Hotelier India|June 2020
The jury is out on this one and the verdict is unanimous: The leisure segment and road trips will be the first to bounce back. Ergo, hotels, resorts and retreats that cater to this market, particularly the smaller boutique hotels with fewer suites and an inbuilt ability to allow social distancing, will revive rather quickly.
Shoba Mohan, Founder-Partner, RARE says, “Since owners lead these hotels, the SoPs are already in place. Besides, they have a generous land-to-key ratio, as much as five rooms to 12 acres. Creating al fresco dining is easy, and the staff is small and controllable.” Travellers looking for handcrafted offbeat experiences will help shore up independent hotels.
Akanksha Lamba, Senior Vice President – Operations, The Postcard Hotels & Resorts, says, “About 26 million Indians usually travel outside India every year. At present, they do not have the option of international travel and will begin looking for holiday destinations within India. On a holiday to Europe or the US, a couple will spend at least Rs 10 lakhs. In A holiday in India is less expensive.”
Luxury boutique hotels such as The Postcard Hotels & Resorts or Malabar Escapes are naturally created keeping privacy in mind. “With their non-obtrusive service, they will find it easier to restart when travel restrictions are lifted, beginning with guests who can reach by road, then interstate and finally, international travellers,” says Saji Joseph, CEO, Malabar Escapes, a member of the RARE network. Indians make 1.8 billion trips per year within the country. Capturing even 1% of this will mean 18 million travellers.
The higher end of the market is not as impacted by the economic contraction. “People would prefer hotels that have a unique experience to offer, assure top-level of hygiene, and are well-connected by roads,” says Roop Pratap Choudhary, Managing Director, Noor Mahal, Karnal, at a short drive from Delhi NCR, and major cities of Punjab and Haryana.
Destinations that will see footfalls
Devendra Parulekar, Founder, SaffronStays, says, “People will want to take their cars out and drive to something closer home. Most of our homes, which are within two to three hours driving distance from the city, are perfectly poised.”
SaffronStays has hit upon an innovative idea of offering homes for long-term rentals. “Several people may want to escape the traps of their daily household chores and want somebody else to pamper them. In that case they may want to hire a villa for a month at Alibaug and operate out of it.”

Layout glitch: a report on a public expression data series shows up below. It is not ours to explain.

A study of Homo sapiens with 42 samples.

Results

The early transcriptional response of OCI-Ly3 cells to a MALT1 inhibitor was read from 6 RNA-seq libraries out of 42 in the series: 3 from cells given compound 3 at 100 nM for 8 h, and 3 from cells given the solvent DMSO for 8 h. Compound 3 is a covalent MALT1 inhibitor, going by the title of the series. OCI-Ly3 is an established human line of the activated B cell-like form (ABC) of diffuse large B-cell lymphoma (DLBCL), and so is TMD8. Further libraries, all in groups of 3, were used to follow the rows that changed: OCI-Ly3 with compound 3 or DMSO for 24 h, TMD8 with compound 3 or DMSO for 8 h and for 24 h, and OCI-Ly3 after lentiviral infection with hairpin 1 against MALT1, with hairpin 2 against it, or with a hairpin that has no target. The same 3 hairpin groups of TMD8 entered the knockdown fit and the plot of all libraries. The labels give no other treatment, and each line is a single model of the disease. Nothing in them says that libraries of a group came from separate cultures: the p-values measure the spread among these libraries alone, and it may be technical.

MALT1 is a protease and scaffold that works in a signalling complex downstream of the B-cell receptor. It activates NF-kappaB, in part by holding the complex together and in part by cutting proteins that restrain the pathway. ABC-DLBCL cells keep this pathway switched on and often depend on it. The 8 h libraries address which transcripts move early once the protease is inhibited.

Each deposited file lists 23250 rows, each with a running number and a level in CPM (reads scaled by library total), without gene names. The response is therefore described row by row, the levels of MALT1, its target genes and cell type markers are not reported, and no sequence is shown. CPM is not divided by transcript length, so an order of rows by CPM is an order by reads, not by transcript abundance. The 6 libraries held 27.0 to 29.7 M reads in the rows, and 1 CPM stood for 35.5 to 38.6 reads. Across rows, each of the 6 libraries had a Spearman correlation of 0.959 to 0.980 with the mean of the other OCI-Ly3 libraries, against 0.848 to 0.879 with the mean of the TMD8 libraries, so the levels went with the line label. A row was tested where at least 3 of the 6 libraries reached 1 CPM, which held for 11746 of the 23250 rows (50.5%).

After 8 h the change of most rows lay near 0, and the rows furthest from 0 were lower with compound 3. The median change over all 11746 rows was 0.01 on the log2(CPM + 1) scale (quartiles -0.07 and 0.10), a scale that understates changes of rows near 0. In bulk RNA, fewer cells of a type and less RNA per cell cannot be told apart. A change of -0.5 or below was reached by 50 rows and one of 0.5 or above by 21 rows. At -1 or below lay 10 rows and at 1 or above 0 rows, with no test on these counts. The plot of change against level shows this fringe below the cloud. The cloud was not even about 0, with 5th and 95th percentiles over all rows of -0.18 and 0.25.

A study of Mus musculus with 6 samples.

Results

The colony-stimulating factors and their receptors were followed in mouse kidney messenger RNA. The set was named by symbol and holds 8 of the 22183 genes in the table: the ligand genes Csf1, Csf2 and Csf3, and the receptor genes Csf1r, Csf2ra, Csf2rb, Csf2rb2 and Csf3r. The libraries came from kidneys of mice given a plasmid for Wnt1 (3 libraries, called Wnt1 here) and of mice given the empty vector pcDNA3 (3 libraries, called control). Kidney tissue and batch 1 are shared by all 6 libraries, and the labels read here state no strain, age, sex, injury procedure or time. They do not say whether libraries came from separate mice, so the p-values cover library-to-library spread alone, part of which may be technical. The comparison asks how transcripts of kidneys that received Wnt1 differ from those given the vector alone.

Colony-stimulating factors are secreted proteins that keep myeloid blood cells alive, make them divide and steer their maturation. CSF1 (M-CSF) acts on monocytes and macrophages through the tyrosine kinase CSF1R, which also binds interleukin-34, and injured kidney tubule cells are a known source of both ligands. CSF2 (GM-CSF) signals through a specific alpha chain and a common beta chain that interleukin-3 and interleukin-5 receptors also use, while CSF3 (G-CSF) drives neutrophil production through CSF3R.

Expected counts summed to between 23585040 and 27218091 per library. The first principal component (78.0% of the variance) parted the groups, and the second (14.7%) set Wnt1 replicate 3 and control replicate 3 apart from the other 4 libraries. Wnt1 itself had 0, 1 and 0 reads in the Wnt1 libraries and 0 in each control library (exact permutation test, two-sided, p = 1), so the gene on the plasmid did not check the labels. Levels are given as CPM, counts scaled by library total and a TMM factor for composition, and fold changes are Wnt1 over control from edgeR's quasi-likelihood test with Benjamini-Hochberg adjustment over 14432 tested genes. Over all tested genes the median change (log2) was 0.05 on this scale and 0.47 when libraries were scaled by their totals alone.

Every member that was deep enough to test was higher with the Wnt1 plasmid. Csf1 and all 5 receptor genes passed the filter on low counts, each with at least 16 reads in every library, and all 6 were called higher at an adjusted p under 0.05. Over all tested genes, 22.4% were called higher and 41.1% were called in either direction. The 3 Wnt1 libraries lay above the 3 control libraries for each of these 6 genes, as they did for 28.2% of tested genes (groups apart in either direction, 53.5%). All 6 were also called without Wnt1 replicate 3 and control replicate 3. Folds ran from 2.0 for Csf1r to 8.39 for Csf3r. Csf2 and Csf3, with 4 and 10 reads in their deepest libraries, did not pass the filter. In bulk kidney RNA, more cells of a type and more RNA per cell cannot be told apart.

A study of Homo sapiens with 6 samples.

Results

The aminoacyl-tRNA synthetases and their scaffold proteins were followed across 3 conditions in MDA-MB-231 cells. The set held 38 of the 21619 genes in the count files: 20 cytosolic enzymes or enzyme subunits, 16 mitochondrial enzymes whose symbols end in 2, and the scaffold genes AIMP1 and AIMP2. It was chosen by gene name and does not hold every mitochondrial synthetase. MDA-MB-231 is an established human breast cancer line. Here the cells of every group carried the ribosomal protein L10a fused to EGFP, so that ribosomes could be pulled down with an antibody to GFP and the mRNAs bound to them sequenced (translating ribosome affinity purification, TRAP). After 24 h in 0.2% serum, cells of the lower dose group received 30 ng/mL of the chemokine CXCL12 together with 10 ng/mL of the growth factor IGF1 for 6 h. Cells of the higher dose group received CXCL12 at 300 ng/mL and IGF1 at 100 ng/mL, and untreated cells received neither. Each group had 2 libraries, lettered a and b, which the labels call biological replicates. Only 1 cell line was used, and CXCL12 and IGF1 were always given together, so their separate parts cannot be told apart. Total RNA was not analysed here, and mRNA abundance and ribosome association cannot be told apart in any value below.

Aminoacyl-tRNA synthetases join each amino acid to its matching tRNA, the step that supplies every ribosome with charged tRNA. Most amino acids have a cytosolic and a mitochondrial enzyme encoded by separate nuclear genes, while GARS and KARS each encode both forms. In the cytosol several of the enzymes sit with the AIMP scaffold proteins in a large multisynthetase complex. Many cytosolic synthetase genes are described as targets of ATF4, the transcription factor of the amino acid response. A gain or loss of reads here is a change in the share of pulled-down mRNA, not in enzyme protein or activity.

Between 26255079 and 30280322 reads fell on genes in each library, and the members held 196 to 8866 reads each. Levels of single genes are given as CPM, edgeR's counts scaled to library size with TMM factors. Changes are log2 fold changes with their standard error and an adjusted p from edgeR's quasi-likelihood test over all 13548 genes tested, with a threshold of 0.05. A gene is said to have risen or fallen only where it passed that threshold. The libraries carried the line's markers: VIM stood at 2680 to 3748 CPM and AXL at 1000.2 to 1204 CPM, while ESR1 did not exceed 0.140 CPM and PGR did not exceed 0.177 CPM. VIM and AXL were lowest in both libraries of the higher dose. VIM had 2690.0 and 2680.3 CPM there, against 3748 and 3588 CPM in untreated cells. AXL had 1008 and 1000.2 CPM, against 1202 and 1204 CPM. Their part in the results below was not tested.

Destinations such as Goa and the hill getaways are more likely to find guests driving up for a stay. Lamba adds, “Our hotels in Thimphu and Galle have the advantage of being in COVID-free destinations. Our biggest weakness is that we only have five operational hotels instead of 15. We would have liked to offer people four to five destinations around Delhi. We will be able to do so soon with our upcoming hotels in Amritsar and Mashobra.”
Boutique hotels are also far more nimble-footed and offer quick decision-making and implementation. Manu Rishi Guptha, CEO, Niraamaya Retreats says, “They can change strategy and business model almost immediately. They also have a better grip on the expenses. Boutique hotels like ours can weave a narrative that is hotel and destination specific.”
Manvendra Singh Shekhawat, Managing Director, MRS Group (with hotels such as Suryagarh in Jaisalmer, and Narendra Bhawan as well as Laxmi Niwas Palace in Bikaner), expects people from Ahmedabad, Jodhpur, Jaipur, and adventure seekers looking to travel from Mandwa to Jaisalmer to drive in. “As airline connectivity starts picking up to smaller destinations, many will travel for staycations. We have received a request for booking a 45-day-long staycation once the hotel opens up. We thought Jaisalmer would bounce back first. But surprisingly, Bikaner opened first since flights have begun to the destination.”
Malabar Escapes, which has the Malabar House, Trinity Fort Cochin and Purity at Lake Vembanad, will open the latter first, due to its added advantage of Discovery, their exclusive one-bedroom suite house boat.
While the advantage is that luxury boutique hotels fit all the boxes for offering confidence in a post-COVID world on counts of safety, hygiene and social distancing, Joseph says the scale of economics of running the small properties with very dismal occupancy will be tough.
For hotels in Kerala, it is more than a double whammy. “After 9/11, the tsunami, then the floods, there is always still one up. We have learnt lessons: Trim the company to the best possible productivity and build your team around an essential core. A multitude of possible crisis situations are possibly around the next bend. But after every sunset, there is a sunrise,” Joseph says hoping for better days.
One of the disadvantages that small chains encounter is the reasonably high marketing costs. “Our associates and senior managers are as qualified as the ones in large hotels. So, manpower costs have to be spread over much smaller sizes of inventory as compared to large hotels. However, the pros far outweigh the cons as we can drive top-notch quality and service standards that are benchmarked against the finest brands in the industry,” contends Guptha.
Here is how independent hoteliers are keeping their heads up and riding the storm.